Land of Kuna Indians of Panama in danger from climate change and pollution

Americas Now

AN KUNA LAND.00_05_04_12.Still001

The Kuna have occupied islands in northern Panama for over 100 years. But rising sea levels could see their way of life sink. This entire tribe of indigenous people may be forced off their land by global warming and other challenges.

Much has been made about climate change and the dangers to coastal communities. Rising seas can cause flooding, and land loss. For low-lying islands, the threat is greatest.

Guna Yala, the Caribbean archipelago off Panama’s coast is one such place. The Kuna Indians who make it home are literally battling against the waves. And they may have to re-locate to higher ground.

But as Correspondent Gerry Hadden reports from Panama, the Kuna want the industrialized world that is, the countries that emit the most greenhouse gases allegedly behind climate change to help them move.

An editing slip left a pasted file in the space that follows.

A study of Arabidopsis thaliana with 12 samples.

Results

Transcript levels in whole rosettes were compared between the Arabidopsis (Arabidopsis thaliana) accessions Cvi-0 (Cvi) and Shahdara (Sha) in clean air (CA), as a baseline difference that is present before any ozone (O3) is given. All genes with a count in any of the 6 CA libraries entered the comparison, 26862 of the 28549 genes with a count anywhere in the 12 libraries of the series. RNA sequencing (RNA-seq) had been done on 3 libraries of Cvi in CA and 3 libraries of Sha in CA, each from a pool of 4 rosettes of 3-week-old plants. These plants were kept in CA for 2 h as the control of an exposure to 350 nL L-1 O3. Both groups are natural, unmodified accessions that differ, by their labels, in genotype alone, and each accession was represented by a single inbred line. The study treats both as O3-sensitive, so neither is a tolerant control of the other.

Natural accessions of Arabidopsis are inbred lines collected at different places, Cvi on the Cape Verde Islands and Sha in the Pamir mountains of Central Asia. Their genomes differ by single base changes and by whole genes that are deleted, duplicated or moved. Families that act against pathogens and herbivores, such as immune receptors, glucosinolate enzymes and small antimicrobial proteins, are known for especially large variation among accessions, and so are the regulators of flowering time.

Gerry Hadden tells us more about the desperate circumstances of the Kuna community as he talks to members of the tribe during his visit.

While the Kuna Indians have lived on Guna Yala for over a century, the tribe once lived in Panama’s forests for much longer. By some estimates their presence in the country dates back to before the Spanish conquest.

Land of Kuna Indians of Panama in danger from climate change and pollution

Land of Kuna Indians of Panama in danger from climate change and pollution

The Kuna have occupied islands in northern Panama for over 100 years. But rising sea levels could see their way of life sink. This entire tribe of indigenous people may be forced off their land by global warming and other challenges.